The world is becoming more mindful about what is meaningful. For brands new and old, that represents a complete sea change in terms of how company leaders need to be thinking about their businesses.
Call it the rise of purpose-first brands — those that prioritize purpose, organize their businesses around it and operationalize it in the work they do each day. These organizations don’t set their purpose on a shelf and look at it. They go all in on their purpose in an action-oriented way, weaving it into the fabric of their business models and putting themselves out there in a big way. It’s a commitment that takes courage and conviction because, indeed, not everyone is going to agree with your ethos. But, as the world witnesses your brand’s conviction through its actions, like-minded people will gravitate to your mission and go all in on your brand and its quest.
As with so many marketplace trends, the rise of the purpose-driven brand isn’t new—but the pandemic has poured an accelerant on the shift, requiring companies to consolidate what might have been a decade’s worth of consideration and baby-steps into the span of just a year or two. Here’s why.
The ‘Why’ Behind Becoming Purpose-Driven
As noted by Deloitte’s Punit Renjen, “An organization’s culture of purpose answers the critical questions of who it is and why it exists. They have a culture of purpose beyond making a profit.” That said, research has clearly demonstrated that purpose-driven brands grow faster, engage their employees more deeply and ultimately are more profitable than brands without a clear sense of purpose. Brands with a purpose-driven center of gravity are also driving changes that matter in the world.
According to Accenture, 63% of surveyed global consumers prefer to purchase products and services from companies that stand for a purpose that reflects their own values and beliefs — and they will avoid companies that do not. Likewise, 65% of people surveyed base their purchase decisions on the words, values, and actions of company leaders.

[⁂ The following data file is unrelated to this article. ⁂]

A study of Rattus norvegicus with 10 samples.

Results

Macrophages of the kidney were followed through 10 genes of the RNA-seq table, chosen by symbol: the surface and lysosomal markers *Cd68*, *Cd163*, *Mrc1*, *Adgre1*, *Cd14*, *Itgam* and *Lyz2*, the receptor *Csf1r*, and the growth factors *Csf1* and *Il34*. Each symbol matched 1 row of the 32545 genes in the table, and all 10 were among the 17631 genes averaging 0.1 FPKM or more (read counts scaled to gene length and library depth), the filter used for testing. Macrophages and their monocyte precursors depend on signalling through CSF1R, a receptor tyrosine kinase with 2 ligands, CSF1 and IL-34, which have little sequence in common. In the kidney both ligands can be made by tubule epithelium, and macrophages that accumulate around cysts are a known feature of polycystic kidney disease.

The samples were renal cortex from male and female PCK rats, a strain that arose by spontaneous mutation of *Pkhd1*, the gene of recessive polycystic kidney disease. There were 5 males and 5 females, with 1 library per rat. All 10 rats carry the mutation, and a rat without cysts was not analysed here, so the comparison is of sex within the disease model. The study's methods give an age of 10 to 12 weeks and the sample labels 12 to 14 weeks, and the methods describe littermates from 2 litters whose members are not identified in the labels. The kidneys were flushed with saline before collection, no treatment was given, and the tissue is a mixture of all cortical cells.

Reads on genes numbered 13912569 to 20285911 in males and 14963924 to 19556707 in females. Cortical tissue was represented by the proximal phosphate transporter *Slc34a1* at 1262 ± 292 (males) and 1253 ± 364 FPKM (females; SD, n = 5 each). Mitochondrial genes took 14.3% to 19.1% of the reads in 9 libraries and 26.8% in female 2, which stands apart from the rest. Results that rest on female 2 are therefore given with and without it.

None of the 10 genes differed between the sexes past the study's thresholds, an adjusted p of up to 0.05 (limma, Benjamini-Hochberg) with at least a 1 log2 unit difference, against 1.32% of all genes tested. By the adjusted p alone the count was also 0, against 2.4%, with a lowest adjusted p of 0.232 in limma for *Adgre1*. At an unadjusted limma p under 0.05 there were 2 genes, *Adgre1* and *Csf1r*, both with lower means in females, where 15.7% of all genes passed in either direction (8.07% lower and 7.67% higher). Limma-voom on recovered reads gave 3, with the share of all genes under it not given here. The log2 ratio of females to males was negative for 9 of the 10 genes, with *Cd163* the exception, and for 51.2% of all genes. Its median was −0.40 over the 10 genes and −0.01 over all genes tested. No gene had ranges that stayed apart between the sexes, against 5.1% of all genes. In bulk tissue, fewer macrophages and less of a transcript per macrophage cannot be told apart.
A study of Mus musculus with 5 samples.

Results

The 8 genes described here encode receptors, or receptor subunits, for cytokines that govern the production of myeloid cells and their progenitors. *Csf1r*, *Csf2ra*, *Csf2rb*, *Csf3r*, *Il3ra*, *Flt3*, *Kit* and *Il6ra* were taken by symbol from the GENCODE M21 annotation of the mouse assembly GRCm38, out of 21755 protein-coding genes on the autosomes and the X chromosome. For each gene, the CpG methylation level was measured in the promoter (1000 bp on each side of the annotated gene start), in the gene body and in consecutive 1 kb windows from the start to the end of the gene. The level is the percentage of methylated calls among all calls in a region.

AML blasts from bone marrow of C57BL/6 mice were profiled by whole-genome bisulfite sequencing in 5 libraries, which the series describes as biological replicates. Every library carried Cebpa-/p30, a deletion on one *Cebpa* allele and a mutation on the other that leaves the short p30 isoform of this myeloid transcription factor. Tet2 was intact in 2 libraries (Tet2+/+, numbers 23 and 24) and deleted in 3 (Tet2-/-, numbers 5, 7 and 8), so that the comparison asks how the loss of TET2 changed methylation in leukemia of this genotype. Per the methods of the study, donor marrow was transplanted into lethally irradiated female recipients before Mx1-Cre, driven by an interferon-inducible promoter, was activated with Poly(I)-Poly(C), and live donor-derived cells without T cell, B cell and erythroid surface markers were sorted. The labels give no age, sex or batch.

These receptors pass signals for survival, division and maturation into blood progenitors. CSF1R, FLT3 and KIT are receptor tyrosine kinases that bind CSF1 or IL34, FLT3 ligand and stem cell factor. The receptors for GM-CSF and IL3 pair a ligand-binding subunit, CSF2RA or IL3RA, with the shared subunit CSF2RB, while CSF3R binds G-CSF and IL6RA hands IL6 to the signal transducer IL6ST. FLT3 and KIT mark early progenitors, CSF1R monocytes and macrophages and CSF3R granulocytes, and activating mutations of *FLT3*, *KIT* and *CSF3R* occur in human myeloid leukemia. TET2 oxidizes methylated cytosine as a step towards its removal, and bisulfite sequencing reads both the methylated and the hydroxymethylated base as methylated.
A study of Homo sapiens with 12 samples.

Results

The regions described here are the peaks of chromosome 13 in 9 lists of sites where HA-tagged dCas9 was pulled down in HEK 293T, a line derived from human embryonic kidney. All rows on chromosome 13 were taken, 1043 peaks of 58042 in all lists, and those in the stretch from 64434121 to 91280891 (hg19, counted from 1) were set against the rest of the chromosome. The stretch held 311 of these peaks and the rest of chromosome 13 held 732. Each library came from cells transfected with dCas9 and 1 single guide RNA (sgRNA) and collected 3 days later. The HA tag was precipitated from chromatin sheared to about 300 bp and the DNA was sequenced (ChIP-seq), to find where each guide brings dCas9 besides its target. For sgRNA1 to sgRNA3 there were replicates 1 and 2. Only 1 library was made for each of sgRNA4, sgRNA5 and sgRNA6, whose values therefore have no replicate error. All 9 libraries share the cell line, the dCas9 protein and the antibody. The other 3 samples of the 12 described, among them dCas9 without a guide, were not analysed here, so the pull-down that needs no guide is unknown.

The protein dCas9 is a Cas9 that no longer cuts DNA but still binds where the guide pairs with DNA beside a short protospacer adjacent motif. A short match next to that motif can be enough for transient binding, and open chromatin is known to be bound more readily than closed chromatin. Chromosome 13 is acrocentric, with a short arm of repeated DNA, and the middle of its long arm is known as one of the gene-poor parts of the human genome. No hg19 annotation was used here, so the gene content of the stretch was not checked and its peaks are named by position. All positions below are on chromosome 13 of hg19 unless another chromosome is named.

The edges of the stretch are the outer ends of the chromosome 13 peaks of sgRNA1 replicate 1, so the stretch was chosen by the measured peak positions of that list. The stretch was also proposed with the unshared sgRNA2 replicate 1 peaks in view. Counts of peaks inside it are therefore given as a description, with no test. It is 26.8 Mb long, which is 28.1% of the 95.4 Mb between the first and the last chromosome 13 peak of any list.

As mentioned, the pandemic has only heightened the awareness and importance of brand purpose. According to the Edelman Trust Barometer 2020, back at the start of the pandemic, 62% of people said they didn’t think our country would make it through the crisis without brands playing a critical role in addressing the challenges we face. Likewise, 55% of people said they thought brands were responding more quickly and efficiently than the government.
Putting Purpose into Action
Every single brand today needs to reassess the value it brings to its customers and question its continued relevance in their lives. This is where purpose comes in. Brands that put purpose first were already gaining ground prior to the pandemic. As we emerge on the other side, purpose will prove to be a core and essential differentiator for companies in the future.
Today’s consumers are looking for more than just a product or a service. They want to be part of something bigger than themselves. They want to make a difference and know that the companies they support are of the same mindset. The challenge for companies in 2021 and beyond will be to not only redefine how they provide value to their customers, but also how they provide value to the world around them. The ways in which brands do this can vary greatly. Consider:
- S’well: S’well is on a mission to rid the world of single-use bottles by creating beautiful reusable options. But it’s not just the product. S’well is a partner of UNICEF, committing $1.4 million since 2017 to provide clean and safe water to the world’s most vulnerable communities. It also supports efforts to build infrastructure, educate families on water-borne diseases, and promote national reform to make sustainable, long-lasting change.
- Allbirds: The founders of Allbirds leveraged their expertise in engineering and renewables to come up with revolutionary wool fabric made specifically for footwear. But it’s more than the shoes. They’ve operationalized their purpose by becoming a Certified B Corp, committing to recycled packaging and supporting the Soles4Souls program, which donates lightly used Allbirds to communities in need.
- Boy Smells: Sometimes product and purpose are inextricably intertwined, as is the case with Boy Smells. The company produces candles and intimate wear based on this statement: “We wanted to have products that were embracing masculine and feminine simultaneously in a simple and straightforward way that wasn’t overtly targeted to one gender.” It’s a simple yet powerful purpose that far too few brands reflect at present.
Today, the people you’re trying to reach are more interested in your reason for being than any reasons for buying. Purpose-first brands understand their higher truth. They are fueled by decisive actions, not just good intentions. And increasingly, they will become the dominant forces across all industries. In fact, if you show me a brand that enters the post-pandemic world without being able to articulate its purpose, I’ll show you a brand that probably won’t be around in five years.